New Atomic-Four Engine Panel


A couple of things did get done. I replaced the mostly non-functional and poorly located original Teleflex engine panel with a set of Isspro gauges and Cole-Herse switches. Actually this did turn out to be a big tedious project. The number of wire terminations was incredible. I had to send away for more ring terminals and shrink-wrap mid-way through.

The problem: I never liked the original engine control panel, down in the cockpit footwell. Aside from the fact that the gauges were mostly non-functional, additional gauges had been scabbed-on by drilling holes in the footwell, adjacent to the panel. Seated at the helm, the only way to read the gauges was to bend down and look between your ankles. Everything was exposed to the weather - two hour meters were ruined. The back of the panel was exposed in the sail locker, where it could easily be damaged by shifting cargo. And it was a gruesome rats-nest of questionable wiring with no strain relief. I did experience a couple of potentially dangerous short circuits in this mess, and it was an increasing PITA to crawl into the sail locker to work on it. Oh, it also featured one of those infamous "trailer connectors."


Coincidentally, if anybody is in need of an original Ericson 29 engine control panel and Atomic-Four wiring harness, along with a functional temperature gauge & sensor and a NAPA oil pressure gauge, I have a deal for you.

Another little project was necessitated when the bilge pump float switch failed. The old mercury switch still makes a contact, but the resistance is high and it doesn't run the pump. But I couldn't bring myself to just splice the new switch into the old nasty snarl of damp wires down in the bilge. With the magic of Weld-Mount supports, I straightened up the hoses and wires down there, and properly (?) connected them on a new terminal strip, high and dry, in the engine compartment. Now that I think more about it, I'm probably going to regret that placement next time I have to fool around with the carburetor... Anyway, I managed to turn a ten-minute project into a two hour project, plus an extra trip to the shop for more parts.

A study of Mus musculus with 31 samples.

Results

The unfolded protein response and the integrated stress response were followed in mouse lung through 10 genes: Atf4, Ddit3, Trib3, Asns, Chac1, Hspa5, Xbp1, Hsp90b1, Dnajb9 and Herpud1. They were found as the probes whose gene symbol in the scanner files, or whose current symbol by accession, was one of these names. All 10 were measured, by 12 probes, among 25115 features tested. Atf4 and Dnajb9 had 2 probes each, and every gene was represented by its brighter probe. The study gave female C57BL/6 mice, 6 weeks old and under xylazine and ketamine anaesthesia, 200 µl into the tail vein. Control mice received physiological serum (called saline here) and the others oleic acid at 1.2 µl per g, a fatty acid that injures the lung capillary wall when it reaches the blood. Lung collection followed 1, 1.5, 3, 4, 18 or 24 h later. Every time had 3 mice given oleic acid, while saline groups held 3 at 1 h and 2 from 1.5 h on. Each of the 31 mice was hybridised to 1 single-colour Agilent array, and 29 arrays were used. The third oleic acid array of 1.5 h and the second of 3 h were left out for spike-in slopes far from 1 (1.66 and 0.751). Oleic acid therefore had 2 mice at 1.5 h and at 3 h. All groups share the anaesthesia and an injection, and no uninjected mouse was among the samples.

1. adam's Avatar
    Looks great.

    But I want to see a pic of that spice rack (seriously). :-)
  2. Gary Holford's Avatar
    Great job, do you have an inside pix of the panel?
  3. CPeregord's Avatar
    How much did this project cost you in materials?
  4. toddster's Avatar
    Quote Originally Posted by CPeregord
    How much did this project cost you in materials?
    You can get an idea of the total cost by looking through the Moyer Marine web catalog. However, I actually accumulated this stuff over the course of three or four years, not all at once. Though there was one big final shopping basket to complete the project. On average, the gauges cost around $60 and external sensors, for those gauges that require them, cost about that much more. Note that the Engine Warning and Diagnostic system requires a whole separate set of sensors.
    Now that this is done, some discussion over on the Moyer forums has piqued my interest in an air/fuel ratio gauge that works with an oxygen sensor. Probably not something that a casual user needs, but if long periods of motoring were contemplated, it might help to maintain optimal fuel economy. Or maybe just another toy for a nerdy boy.

    BTW: One reason to go with all Isspro gauges was an assumption that they would all have the same kind of connecting terminals on the back, for ease of wiring. But they don't. And there are actually small differences between the face styles too. Maybe a consequence of buying them in different years, but that seems odd to me. By coincidence, the factory where these gauges are made is right around the corner from Columbia Marine Exchange, where I buy (and sell) a lot of my second-hand boating gear. Sadly, there is no discount factory outlet store on site.